I See Paris, I See France

mexican saucesThanks to Satellite TV and the cultural homogenization of the internet, Mexican retail has tried to love the narrow athletic model of feminine pulchritude embraced by fashion houses in the States, but the Latin heart isn’t in it. The Mexican ideal, if you scratch the surface, still involves pointy bosoms and a big round ass, and if the local bombshells could find a whalebone corset, they’d grab onto the nearest bedpost with gusto in order to get laced down to a seventeen inch waist.

Before putting on the knit suits they wear to church and lunch, affluent Tapatio women first put on girdles, and like it or not, those babes never give up on sex appeal. A popular item of lingerie looks like a one piece bathing suit with the front cut out to acommodate the bra of the wearers choice, most likely something that would blow up the security gate at an airport with it’s titanium stays and steel underwires. The smooth latex silhouette favored by the city women is eschewed by local girls, who love a muffin top spilling over their jeans. But girdled or no, the overriding impression is that Mexicans like flesh, a situation that certainly allows me to sleep easier at night.mexican model

Shopping for these various types of lingerie, along with everything else a girl’s gotta buy, is something that has to be relearned upon moving down here. Americans like their shopping to be all in one place, preferably under one roof. We’re used to the security of being able to miss the exit for a shopping center, knowing there will be another one at the next exit with the exact same stores. No surprises on our list! Around here, there’s nothing but surprises.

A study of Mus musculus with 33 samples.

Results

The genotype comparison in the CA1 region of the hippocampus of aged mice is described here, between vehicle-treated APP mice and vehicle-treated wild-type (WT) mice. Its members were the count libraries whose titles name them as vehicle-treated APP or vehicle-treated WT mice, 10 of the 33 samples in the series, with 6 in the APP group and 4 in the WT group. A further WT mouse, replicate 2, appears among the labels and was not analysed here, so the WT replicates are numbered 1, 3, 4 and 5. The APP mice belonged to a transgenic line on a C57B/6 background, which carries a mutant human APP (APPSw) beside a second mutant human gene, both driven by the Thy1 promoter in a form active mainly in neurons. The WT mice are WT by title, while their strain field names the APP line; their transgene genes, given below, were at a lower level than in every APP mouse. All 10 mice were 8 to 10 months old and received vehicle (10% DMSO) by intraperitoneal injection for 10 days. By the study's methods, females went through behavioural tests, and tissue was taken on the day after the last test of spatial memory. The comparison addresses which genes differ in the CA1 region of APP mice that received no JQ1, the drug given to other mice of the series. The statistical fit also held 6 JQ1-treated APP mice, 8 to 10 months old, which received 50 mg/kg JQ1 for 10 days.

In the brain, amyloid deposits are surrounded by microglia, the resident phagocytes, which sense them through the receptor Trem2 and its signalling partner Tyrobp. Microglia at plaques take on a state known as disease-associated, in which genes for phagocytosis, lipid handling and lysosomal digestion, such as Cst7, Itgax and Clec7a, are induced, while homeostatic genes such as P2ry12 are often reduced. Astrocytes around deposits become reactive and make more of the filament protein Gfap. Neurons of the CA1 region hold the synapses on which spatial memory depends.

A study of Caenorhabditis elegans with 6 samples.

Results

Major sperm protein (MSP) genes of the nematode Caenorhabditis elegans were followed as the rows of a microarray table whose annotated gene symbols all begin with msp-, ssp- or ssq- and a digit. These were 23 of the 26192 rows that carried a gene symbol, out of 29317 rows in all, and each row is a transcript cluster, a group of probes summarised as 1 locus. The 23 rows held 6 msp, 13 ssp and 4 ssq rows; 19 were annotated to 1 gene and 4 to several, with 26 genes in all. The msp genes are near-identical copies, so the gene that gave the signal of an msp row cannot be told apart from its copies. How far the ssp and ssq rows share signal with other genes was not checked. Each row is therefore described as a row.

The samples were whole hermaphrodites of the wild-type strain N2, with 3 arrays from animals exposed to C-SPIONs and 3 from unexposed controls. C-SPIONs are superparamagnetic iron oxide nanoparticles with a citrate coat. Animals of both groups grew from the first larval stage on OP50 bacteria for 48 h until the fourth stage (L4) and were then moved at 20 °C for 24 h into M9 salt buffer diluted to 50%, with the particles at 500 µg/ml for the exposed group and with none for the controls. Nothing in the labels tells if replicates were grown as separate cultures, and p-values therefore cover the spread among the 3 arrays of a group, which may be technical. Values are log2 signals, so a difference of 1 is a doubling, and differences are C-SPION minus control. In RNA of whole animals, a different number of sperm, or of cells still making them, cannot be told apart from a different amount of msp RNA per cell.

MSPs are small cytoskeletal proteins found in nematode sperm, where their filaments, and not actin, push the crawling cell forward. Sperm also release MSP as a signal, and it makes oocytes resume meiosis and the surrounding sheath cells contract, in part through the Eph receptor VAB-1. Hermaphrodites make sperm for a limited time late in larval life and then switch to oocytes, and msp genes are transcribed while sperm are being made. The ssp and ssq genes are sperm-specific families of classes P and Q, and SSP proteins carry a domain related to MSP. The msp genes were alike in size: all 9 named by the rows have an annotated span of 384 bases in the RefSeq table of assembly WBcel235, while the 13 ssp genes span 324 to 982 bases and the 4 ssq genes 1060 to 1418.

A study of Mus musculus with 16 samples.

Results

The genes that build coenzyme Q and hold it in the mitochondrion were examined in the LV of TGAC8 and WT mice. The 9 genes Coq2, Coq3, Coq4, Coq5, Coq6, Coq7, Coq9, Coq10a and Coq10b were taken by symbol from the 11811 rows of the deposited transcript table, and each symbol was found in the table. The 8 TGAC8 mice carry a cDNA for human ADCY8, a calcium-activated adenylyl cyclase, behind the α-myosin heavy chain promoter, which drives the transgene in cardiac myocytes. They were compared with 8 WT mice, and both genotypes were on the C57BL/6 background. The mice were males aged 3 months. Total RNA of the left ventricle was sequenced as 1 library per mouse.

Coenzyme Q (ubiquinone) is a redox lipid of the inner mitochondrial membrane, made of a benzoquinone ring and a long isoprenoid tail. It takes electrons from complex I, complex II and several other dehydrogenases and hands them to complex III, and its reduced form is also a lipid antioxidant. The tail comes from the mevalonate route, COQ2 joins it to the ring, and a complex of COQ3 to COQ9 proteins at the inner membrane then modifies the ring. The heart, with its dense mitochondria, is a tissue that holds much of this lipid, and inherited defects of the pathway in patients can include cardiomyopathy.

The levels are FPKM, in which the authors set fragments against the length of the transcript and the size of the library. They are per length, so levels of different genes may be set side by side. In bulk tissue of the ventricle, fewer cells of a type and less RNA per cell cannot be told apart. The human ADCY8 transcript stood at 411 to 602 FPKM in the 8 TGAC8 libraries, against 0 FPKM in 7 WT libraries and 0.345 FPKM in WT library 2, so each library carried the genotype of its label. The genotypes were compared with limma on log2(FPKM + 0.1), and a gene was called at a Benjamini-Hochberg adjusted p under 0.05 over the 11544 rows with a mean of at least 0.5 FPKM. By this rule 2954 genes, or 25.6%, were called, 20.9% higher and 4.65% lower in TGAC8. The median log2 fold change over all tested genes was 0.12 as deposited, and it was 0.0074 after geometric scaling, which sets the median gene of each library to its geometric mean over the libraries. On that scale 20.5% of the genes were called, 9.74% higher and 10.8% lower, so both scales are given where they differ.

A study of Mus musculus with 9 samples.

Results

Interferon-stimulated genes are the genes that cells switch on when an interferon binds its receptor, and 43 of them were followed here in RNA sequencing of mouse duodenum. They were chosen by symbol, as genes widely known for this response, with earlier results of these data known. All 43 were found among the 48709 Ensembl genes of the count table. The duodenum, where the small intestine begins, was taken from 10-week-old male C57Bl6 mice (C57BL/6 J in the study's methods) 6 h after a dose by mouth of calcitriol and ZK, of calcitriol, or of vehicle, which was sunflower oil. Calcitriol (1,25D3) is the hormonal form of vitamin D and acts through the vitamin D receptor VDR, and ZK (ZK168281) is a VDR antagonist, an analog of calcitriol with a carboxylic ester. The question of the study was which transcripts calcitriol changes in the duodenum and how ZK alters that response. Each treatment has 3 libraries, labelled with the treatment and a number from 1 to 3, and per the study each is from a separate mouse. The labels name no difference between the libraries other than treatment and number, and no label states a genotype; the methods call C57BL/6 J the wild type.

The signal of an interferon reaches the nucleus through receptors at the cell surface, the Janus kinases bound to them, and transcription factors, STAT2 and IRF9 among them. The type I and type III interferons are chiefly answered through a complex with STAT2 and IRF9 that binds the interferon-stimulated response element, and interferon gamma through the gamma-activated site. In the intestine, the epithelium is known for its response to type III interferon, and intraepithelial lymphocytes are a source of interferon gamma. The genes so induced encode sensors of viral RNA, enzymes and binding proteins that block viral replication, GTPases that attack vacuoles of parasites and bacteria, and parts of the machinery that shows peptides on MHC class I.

You won’t find a Lane Bryant at the local mall, let me just say that. I go to the Mall for people watching and lunch and a shot of big city glamor. The mall is one end, the very high end, of the spectrum. At the other end, the intrepid shopper will find more options. One is the tienguis, or street market. These floating bazaars travel from village to village, each having its own day of the week, and one way to shake up the local population would be for the tienguis to not show up for some reason. We’d all starve, since this is where we buy our vegetables, jewelry, cheese, yogurt, shrimp, textiles, and art made from spray cans, along with frazzled paperback bodice-rippers and bootleg videos of martial arts movies.

Our friend Anita engaged in a vigorous haggling match with a waif at a traffic light. The light changed, the drivers honked, and still Anita and the little match girl wrangled over what looked from the back seat like a badminton raquet. Once the bargain was struck however, and we realized that the raquet was designed to electrocute bugs, we couldn’t help but congratulate her on an excellent purchase, one I duplicated at the next opportunity. Shopping at the traffic light is not for amateurs, however, and the return policy is difficult to implement. This doesn’t scratch the surface of the ways that there are to exchange money for goods in Mexico. I could go on and on.

Overwhelmed by the choices, my friends and I save our big shopping blow-outs for visits to the States, where we can plan with military precision how to buy everything we need with one trip to the Target shopping center. It’s much more efficient than trying to find your bra size in a jungle of pinatas. But good luck finding a bug raquet.

Elliott Joachim pulled the plug on life in Metro D.C. and headed South of the Border. In her blog, Lifestyle Refugee (honey, what the hell are we doing in Mexico), she regales you with how a middle range baby boomer builds a new life in Ajijic.